Opinion

Free speech? Not at public schools

The landmark1988 Supreme Court case of Hazelwood v. Kuhlmeier set a scary standard for First Amendment restrictions at public (high school) institutions when a 5-3 majority decided that “.educators do not offend the First Amendment by exercising editorial control over the style and content of student speech in school-sponsored expressive activities so long as their actions are reasonably related to legitimate pedagogical concerns,” as Justice Byron White said at the time. The infraction in question? The newspaper at Hazelwood East High School, compiled by students, was submitted to their adviser, who in turn asked the school’s principal for approval. Based on the inclusion of stories about divorce (in which the principal felt students’ quotes may have been unfair to parents who could not respond) and teen pregnancy (in which the principal feared anonymous respondents would ultimately be identified as the pregnant students, and didn’t feel that stories about birth control were appropriate for high school freshmen), the principal had the paper published without the pages containing those stories. The students were infuriated, and with good reason.

Last Tuesday, the Supreme Court declined to decide whether public university administrators can censor student newspapers by controlling the content of the stories. The paper’s editor in chief and managing editor, as well as a reporter, had sued various officials at Governors State University in University Park, Ill., and the university itself, for the school’s requirement that all student stories be approved by the administration after the paper had written a series of stories in 2000 critical of the administration (including a story critical of the school’s decision not to re-hire the paper’s adviser).

Whereas Hazelwood was a case of censorship over questionable content for an age-appropriate audience, and thus is somewhat understandable, the case of these students in Illinois is over the fact that the paper, in playing the role of the watchdog, was doing what it was supposed to do. According to an Associated Press story, “lawyers for media programs at Northwestern University, Pennsylvania State University, the University of Pennsylvania, the University of Georgia, the University of Missouri, and Syracuse University” told justices, “An uncensored college newspaper is vitally important to attracting college students to journalism and providing them with a real-world training ground that prepares them to become professional journalists.” Of course, the absurdity of stripping college writers of their First Amendment rights may have been dwarfed by the irony of an administrator telling students that their stories must be approved by an administrator-after the students were critical of administrators. These students should clearly be infuriated.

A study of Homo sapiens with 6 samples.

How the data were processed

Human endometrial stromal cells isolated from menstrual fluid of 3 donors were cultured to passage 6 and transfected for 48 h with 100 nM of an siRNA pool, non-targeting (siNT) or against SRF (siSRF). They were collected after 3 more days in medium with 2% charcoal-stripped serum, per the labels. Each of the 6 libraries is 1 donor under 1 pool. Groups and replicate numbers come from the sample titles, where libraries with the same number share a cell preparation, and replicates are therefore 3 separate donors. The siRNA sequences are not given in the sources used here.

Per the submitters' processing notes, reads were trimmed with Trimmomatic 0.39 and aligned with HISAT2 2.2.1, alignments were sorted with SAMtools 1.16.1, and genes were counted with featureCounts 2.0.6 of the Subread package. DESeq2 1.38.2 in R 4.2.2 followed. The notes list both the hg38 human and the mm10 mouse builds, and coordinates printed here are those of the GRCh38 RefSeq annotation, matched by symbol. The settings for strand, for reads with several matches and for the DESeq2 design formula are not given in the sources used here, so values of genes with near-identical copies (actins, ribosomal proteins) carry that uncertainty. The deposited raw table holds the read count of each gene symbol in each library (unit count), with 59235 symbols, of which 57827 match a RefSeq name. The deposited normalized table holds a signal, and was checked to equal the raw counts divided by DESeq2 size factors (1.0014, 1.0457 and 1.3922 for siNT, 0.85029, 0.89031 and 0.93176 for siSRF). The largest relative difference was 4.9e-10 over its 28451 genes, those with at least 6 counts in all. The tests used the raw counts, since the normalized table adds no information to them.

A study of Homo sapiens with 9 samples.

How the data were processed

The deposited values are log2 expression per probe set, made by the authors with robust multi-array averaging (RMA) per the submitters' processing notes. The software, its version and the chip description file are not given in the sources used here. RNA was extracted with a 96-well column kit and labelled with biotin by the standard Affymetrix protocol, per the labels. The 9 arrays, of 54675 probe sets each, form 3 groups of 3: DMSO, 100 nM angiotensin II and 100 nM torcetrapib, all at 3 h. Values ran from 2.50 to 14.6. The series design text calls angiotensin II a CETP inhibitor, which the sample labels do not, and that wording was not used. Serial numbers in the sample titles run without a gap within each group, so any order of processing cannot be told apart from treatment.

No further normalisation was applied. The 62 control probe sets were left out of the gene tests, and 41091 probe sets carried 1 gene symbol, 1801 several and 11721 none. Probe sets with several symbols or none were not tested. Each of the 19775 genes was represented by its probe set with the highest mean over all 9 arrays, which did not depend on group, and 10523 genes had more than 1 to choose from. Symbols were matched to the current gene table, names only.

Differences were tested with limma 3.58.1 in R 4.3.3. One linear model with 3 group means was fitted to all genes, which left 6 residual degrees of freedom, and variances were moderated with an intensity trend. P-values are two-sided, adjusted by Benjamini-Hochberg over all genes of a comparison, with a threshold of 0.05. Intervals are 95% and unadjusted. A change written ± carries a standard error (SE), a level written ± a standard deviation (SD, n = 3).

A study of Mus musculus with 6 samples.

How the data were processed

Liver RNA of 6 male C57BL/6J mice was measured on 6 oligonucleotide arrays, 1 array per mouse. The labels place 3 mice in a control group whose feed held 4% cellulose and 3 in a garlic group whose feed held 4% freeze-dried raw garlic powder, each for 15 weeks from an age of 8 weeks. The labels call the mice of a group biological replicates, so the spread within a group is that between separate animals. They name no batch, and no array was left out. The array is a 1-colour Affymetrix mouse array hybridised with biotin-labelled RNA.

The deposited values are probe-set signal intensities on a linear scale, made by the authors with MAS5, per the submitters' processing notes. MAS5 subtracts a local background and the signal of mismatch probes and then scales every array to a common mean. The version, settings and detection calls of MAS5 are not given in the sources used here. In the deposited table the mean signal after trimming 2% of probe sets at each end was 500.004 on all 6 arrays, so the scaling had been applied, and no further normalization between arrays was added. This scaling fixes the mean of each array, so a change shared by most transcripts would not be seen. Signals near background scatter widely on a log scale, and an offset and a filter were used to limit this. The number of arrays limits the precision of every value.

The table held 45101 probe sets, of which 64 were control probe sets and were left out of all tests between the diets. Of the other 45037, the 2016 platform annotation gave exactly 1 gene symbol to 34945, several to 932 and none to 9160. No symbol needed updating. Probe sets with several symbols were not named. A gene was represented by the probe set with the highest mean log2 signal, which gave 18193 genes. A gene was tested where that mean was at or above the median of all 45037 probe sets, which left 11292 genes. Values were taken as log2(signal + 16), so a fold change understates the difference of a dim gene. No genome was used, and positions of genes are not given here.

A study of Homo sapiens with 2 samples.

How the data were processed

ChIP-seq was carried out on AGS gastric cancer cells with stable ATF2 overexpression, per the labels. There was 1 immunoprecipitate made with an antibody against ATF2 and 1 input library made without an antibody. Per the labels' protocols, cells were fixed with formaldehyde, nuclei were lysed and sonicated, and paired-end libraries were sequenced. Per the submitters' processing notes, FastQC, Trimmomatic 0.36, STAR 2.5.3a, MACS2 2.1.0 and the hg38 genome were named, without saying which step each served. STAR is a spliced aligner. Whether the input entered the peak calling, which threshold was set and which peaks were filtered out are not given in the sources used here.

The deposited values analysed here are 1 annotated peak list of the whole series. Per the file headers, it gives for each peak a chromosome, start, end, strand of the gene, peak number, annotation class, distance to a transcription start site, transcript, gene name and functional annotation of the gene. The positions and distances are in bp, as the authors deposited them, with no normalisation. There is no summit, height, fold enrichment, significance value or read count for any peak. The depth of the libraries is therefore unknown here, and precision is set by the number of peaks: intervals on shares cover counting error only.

And with good reason.

February 28, 2006

Reporters

The Miami Hurricane

Student newspaper at the University of Miami


Around the Web
  • Miami Herald
  • UM News
  • HurricaneSports

The Miami Hurricanes will have plenty of talent on both sides of the ball this season, and four play ...

Jesus Luzardo had yet to throw a single pitch as a professional baseball player in 2016 when he unde ...

Former Miami Hurricanes quarterback Robert Marve has been arrested in Hillsborough County on an out- ...

Mark Richt has led the Miami Hurricanes back into the national college football conversation during ...

University of Miami coach Mark Richt and his vaunted 2018 signing class, nicknamed #Storm18, should ...

Following the summit between Trump and Putin, reaction from politicians, pundits and former intellig ...

A School of Communication associate professor played an important hand—an artistic one!—in World Cup ...

University of Miami law and political science professors weigh in on Trump’s SCOTUS nominee. ...

Research bioclimatologists with the UM Synoptic Climatology Lab counsel cities on how to manage risi ...

A UM-led study is examining how children’s play behavior at beaches could impact their health. ...

The University of Miami's volleyball team earned the American Volleyball Coaches Association (A ...

University of Miami head golf coach Patti Rizzo announced the 2018-19 schedule, featuring nine tourn ...

The Canes are well represented across the nation this summer with players competing in each of the t ...

The University of Miami had four student-athletes selected to the watch lists for the Maxwell Award ...

The University of Miami's Symone Mason closed out the 2018 IAAF World U20 Championships with a ...

TMH Twitter
About TMH

The Miami Hurricane is the student newspaper of the University of Miami in Coral Gables, Fla. The newspaper is edited and produced by undergraduate students at UM and is published weekly in print on Tuesdays during the regular academic year.